In appreciation of those who brought law and order to old Dodge City and paved the way for today’s law enforcement. This article is courtesy of Kathy Bell, Boot Hill Museum and the Dodge City Daily Globe.
🚓🚔 Happy 135th Anniversary Gentlemen 🚔🚓
In 1883, former Dodge City lawmen, Wyatt Earp, Bat Masterson and Charlie Bassett, returned to town one last time. But they weren’t here to enforce the law. Instead they posed a threat to law and order. They came to Dodge City as a show of force to support a friend in what became known as the “Saloon War.”
It started with the Dodge City election of 1881 which ousted the gambling, prostitution and saloon tolerant “Gang.” Dodge City’s famous lawmen and Luke Short, a well known gambler, were part of this Gang.
Wyatt Earp had left Dodge City a few years before. After these elections, the remaining “Gang” lawmen left Dodge City for other venues. The “anti-gang” officials were led by mayor, Alonzo B. Webster. Despite the hostile environment, Short stayed in Dodge City.
Hoping to improve the climate for saloon owners and gamblers, Short’s business partner, W.H. Harris, in 1883, ran against Webster’s picked candidate, Larry Deger. When Deger won the election the situation got worse for Short and his friends.
Things came to a head in 1883, when Short bought the Long Branch Saloon and hired women to “sing.”
Those with the right politics could run their establishment any way they wished. But Short had the wrong politics and, on April 28, the officials arrested his “singers.”
Just a note of clarification: He did not hire his female singers for their ability to carry a tune. The intent was for them to entertain cowboys in other ways.
Short protested because these same officials looked the other way when other more politically connected establishments hired the same entertainment. He could not run his establishment against this competition.
Things got hot when Short and City Clerk Louis C. Hartman exchanged shots. Though neither was injured, Deger’s men rallied against Short kicking him and his friends out of Dodge City. They blocked attempts by Short to return with physical threats.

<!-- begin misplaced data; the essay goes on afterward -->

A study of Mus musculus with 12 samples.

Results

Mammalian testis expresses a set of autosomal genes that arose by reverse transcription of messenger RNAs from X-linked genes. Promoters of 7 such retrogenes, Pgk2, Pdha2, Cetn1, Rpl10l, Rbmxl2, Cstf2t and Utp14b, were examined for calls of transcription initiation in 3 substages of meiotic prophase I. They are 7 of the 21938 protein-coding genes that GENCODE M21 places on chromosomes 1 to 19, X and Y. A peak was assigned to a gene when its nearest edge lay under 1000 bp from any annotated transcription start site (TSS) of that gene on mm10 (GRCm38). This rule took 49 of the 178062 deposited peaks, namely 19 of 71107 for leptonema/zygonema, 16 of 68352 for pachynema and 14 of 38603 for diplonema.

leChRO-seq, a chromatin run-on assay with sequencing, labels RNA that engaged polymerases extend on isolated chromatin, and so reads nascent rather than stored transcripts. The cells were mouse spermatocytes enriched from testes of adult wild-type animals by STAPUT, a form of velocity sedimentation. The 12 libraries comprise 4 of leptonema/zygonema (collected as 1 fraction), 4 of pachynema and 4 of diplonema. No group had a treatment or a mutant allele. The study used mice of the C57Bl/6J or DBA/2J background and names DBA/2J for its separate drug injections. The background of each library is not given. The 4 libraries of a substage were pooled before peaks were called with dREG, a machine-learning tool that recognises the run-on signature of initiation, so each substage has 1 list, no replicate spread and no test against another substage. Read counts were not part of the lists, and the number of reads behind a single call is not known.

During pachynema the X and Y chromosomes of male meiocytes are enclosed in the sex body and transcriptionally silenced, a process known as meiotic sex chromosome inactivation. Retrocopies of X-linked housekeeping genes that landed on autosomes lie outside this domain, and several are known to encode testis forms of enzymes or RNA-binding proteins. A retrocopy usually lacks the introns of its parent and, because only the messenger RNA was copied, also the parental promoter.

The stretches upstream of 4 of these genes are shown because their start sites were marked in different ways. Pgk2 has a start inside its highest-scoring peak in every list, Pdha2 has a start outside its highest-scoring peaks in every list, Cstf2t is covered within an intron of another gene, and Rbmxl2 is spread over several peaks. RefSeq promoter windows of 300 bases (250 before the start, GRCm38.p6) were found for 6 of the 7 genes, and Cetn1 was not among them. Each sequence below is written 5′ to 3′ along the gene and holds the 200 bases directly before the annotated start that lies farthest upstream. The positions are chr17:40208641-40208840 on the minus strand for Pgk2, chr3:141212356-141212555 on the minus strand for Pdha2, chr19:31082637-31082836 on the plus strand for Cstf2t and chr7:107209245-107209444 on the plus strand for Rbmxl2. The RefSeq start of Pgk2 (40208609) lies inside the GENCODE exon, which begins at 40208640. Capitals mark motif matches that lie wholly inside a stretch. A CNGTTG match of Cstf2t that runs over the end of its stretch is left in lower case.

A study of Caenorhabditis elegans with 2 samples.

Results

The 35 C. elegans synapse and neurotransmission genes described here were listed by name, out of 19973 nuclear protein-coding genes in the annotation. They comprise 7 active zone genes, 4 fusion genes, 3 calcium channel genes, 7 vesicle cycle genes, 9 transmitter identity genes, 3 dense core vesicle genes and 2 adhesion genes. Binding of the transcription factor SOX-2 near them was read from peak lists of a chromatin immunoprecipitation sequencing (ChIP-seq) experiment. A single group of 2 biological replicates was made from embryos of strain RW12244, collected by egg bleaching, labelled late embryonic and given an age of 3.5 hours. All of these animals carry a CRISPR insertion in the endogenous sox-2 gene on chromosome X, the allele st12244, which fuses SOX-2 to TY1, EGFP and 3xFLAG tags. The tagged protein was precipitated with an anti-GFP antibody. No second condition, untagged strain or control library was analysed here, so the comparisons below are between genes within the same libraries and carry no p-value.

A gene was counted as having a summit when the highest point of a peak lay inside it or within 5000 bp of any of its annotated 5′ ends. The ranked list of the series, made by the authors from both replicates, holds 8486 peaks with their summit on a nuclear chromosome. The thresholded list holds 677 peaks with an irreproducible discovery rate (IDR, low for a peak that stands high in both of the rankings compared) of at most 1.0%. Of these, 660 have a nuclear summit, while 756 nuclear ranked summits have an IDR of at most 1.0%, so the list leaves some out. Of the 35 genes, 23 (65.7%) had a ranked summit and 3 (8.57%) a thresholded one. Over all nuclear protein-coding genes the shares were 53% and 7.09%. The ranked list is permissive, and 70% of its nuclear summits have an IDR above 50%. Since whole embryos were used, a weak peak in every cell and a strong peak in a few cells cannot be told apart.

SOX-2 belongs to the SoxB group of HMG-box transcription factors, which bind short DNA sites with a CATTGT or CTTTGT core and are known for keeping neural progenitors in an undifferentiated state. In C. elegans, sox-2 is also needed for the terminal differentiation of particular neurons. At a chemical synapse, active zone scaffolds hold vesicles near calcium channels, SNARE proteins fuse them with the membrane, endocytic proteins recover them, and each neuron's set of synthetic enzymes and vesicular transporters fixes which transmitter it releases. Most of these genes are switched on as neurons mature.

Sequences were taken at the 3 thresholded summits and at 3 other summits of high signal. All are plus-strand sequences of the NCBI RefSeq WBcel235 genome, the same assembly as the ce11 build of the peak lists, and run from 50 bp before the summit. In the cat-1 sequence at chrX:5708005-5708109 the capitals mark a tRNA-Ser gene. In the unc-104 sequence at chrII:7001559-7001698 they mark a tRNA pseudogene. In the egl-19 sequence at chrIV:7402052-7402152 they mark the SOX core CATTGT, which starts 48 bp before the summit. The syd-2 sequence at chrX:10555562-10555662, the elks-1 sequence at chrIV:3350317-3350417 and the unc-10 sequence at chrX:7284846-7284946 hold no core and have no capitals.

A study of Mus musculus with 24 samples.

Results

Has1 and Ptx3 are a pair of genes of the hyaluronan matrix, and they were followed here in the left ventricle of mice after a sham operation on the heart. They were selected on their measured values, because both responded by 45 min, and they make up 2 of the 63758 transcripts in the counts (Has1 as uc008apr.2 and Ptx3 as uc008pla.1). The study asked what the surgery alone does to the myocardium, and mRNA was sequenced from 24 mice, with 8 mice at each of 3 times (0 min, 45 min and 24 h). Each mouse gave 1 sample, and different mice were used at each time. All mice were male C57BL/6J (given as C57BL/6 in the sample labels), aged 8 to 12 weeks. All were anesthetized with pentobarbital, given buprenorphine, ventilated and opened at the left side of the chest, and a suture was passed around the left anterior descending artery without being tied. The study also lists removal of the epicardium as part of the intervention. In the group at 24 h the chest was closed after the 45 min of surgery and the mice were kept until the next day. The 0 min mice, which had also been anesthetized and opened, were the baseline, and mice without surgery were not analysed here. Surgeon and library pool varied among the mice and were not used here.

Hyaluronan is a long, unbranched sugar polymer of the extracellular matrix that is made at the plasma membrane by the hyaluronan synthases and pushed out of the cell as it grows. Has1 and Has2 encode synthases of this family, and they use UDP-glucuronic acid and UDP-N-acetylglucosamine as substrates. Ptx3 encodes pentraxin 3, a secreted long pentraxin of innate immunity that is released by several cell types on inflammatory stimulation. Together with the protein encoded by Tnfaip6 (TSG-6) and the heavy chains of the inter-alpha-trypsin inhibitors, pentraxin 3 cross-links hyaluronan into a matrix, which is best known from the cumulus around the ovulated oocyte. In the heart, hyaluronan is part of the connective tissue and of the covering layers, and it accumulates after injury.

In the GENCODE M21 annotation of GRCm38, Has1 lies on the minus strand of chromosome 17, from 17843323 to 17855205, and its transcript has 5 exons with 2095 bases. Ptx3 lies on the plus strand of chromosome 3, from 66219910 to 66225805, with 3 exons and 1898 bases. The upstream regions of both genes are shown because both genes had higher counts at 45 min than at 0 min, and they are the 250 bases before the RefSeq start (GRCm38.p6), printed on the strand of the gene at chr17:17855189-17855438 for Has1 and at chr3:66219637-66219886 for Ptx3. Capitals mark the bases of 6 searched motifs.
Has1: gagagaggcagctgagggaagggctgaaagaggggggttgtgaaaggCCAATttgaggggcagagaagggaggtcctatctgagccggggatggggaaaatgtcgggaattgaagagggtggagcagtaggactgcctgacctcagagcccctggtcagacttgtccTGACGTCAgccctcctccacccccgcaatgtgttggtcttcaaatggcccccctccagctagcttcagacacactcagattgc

To defend his interests, Short contacted his more powerful friends and political allies. He wanted to recoup some of his financial losses by returning to Dodge to sell his interest in the Long Branch.
Short’s allies quickly laid plans to come to Dodge City to present a unified front against Deger and his forces. A serious confrontation was in the making; alarm spread throughout the State of Kansas. On June 3, Short’s allies began arriving in Dodge City.
A total of seven men gathered to defend Luke Short. Famous gunslingers Wyatt Earp, Bat Masterson, and Charlie Bassett were ready to fight for Short. Joining this notorious group were former Long Branch owner, W.H. Harris; District Court Clerk, W.F. Petillon; Frank McLain and Neil Brown.
On June 10, 1883, these seven men and Short posed for an iconic photograph as the “Dodge City Peace Commission.”
Though some of these men had been the “good guys” as lawmen Dodge City in the 1870′s, in this case they posed a threat to law and order in Dodge. Given the reputation of these former Dodge City lawmen, Short’s opponents feared for their lives. For awhile it appeared an all out shooting war would erupt.
Not a shot was fired or any blood spilled. All parties agreed to a compromise in which Short recouped some of his money and left town with his skin intact.
One of the provisions of this compromise was gambling in Dodge City was confined to back rooms out of the public eye. This was the beginning of the end of Dodge City’s wild days. In just a couple short years the cattle drives ended and Dodge’s nature became calmer and more conservative.